San Francisco Deltas and the History of Soccer in San Francisco


San Francisco Deltas and the History of Soccer in San Francisco

The first pro soccer team and only first division team to call San Francisco home were the United Soccer Association’s San Francisco Golden Gate Gales. The Golden Gate Gales were founded by George C. Felharty, who also owned the Western Hockey League’s San Francisco Seals. The team was coached by Ernst Happel during their first season and called Kezar Stadium home.

San Francisco imported their team from Dutch side ADO Den Häag for 1967 and featured the likes of Harry Heijnen, Henk Houwaart, Aad Mansveld, Lex Schoenmaker, and Dick Advocaat. The Gales started the season with a 6-1 win against the Vancouver Royals in front of 8,177 spectators at home with two goals coming from Ted Howaart and a hat trick from Lambert Maassen. The team ended the season second in the western conference with five wins, four losses, and three ties.

In May, the Gales signed Real Madrid legend Ferenc Puskas to a three-year contract to coach the Gales. Nevertheless, the United Soccer Association merged with the National Professional Soccer League to form the North American Soccer League before the 1968 season and the Gales folded to make way for the NPSL champions Oakland Clippers.

After the Gales folded, Felharty bought the Vancouver Royals and brought Puskas along with him. After Oakland withdrew from the NASL before the 1969 season, the Clippers played multiple friendlies in San Francisco under the California Clippers moniker including a 3-2 loss to Ukrainian giants Dynamo Kiev. In June 1969, the Clippers folded, citing lack of fan support and staggering losses.

Prior to the 1980-81 Major Indoor Soccer League season, David Schoenstadt relocated the Detroit Lightning to San Francisco. The San Francisco Fog would end the season last in the entire league with 11 wins and 29 losses and drew the league worst average attendance of 2,500 spectators per game. After the season, the Fog relocated again to Kansas City.

In 1992, the San Francisco United All-Blacks joined the third division United States Interregional Soccer League and began play at Negoesco Stadium. In 1996, San Francisco United rebranded as San Francisco Bay Seals. In 1997, the Seals reached the semifinal of the US Open Cup defeating the Seattle Sounders, Kansas City Wiz, and the San Jose Earthquakes along the way. Ultimately, the Seals would lose the semifinal 2-1 to DC United in at the University of the Pacific football stadium in Stockton. DC would go on to lose to the Dallas Burn in the final. After their astonishing cup run, the Seals moved up to the second division A-League and relocated to the larger Kezar Stadium for the 1998 season. After the ’99 season, however, the Seals relocated to Hayward and would fold after the 2000 season.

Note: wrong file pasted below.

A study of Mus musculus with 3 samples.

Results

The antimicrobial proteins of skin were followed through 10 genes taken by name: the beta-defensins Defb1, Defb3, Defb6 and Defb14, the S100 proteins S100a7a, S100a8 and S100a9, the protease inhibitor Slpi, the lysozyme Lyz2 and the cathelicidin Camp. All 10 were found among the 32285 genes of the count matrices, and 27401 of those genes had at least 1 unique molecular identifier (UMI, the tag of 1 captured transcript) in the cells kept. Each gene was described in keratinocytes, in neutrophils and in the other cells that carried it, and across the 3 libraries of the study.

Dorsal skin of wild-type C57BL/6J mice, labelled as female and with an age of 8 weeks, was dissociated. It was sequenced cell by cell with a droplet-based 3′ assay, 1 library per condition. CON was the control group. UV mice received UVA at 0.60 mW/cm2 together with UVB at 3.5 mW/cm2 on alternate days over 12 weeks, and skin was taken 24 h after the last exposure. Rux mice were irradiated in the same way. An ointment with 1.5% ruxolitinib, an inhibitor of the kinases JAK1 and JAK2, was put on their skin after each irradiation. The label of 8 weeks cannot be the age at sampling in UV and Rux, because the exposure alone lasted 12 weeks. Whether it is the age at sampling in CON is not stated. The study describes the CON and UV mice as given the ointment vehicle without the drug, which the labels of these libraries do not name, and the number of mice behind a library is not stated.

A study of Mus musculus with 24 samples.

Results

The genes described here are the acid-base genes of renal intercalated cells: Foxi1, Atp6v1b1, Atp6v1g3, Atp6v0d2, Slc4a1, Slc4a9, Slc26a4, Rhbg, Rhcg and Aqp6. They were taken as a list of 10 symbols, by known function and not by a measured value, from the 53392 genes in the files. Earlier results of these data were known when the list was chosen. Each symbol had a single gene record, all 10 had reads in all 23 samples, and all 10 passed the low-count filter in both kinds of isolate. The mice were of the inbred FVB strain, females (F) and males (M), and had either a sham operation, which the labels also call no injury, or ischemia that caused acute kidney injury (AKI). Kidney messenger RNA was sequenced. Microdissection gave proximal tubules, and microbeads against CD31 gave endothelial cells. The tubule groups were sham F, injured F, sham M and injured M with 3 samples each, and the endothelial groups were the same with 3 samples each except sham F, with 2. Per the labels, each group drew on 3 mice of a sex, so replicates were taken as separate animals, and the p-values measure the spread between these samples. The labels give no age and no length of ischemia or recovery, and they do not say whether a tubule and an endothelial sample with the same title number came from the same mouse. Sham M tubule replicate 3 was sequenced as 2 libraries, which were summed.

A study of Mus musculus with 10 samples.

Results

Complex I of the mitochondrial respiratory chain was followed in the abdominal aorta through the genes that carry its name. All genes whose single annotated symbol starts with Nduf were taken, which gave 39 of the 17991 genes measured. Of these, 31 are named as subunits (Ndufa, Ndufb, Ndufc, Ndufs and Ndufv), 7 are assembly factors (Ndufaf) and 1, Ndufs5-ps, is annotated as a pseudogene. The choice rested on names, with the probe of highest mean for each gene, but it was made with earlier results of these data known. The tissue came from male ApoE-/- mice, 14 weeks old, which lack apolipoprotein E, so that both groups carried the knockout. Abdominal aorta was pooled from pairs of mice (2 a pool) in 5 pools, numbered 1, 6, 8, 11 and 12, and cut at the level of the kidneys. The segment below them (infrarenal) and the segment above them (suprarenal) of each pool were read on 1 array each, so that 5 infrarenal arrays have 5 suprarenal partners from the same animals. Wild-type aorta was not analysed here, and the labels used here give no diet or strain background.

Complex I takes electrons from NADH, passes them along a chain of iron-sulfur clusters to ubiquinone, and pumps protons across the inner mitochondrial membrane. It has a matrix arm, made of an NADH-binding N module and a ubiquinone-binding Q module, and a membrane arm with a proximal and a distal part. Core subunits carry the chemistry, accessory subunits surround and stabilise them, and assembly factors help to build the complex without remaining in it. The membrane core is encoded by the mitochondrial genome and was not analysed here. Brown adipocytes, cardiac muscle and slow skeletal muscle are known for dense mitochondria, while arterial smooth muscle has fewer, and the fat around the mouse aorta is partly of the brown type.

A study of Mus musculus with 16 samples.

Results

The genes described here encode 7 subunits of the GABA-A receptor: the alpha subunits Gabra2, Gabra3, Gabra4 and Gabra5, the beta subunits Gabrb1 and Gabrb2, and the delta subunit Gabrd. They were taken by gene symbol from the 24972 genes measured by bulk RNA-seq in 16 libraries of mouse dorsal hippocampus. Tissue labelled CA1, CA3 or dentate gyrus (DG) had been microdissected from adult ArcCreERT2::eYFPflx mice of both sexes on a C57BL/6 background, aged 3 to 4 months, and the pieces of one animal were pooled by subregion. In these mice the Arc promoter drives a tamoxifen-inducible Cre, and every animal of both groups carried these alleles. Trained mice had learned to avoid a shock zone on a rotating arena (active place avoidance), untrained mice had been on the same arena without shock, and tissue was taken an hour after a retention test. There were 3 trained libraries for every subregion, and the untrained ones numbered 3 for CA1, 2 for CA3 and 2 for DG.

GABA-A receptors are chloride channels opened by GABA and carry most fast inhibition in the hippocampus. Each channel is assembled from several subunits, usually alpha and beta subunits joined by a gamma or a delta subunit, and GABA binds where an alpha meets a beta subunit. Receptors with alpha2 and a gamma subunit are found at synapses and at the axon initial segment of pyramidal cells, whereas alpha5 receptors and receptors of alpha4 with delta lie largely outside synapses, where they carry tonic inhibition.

In September 1996, in order to provide more revenue and ease the financial costs for a new San Francisco 49ers stadium, Mayor Willie Brown began courting Major League Soccer’s San Jose Clash into relocating to San Francisco. Ultimately his plans fell through and the Clash stayed in San Jose. On October 27th, 1999, the Clash rebranded as the San Jose Earthquakes. The Quakes would play nine home games in San Francisco including two in the MLS season, three in the US Open Cup, and four friendlies.

On October 12, 2006, the United Soccer Leagues announced then chairman of Deportivo Alaves, Dmitry Piterman had acquired a USL First Division franchise in San Francisco to begin play in 2007. Like the Gales, the atrociously named California Victory took the field at Kezar for merely a season before folding to make way for the MLS’s San Jose Earthquakes. Notable Victory players include current Sacramento Republic goalkeeper Dominik Jakubek, former Seattle Sounders and Chicago Fire defender Patrick Ianni, and former Portland Timbers and San Jose Earthquakes reserves forward Yuri Morales.

Although soccer in the past lacked favorable outcomes, it’s still premature to predict the end result of the Deltas. The soccer landscape and the landscape of San Francisco have both been altered completely since the Victory and Seals wandered around Kezar. The Deltas still have to be organized with a full roster of players, a brand that signifies San Francisco, and a television deal (preferably with CSN or CHN). Only time will tell if the team legitimately prospers.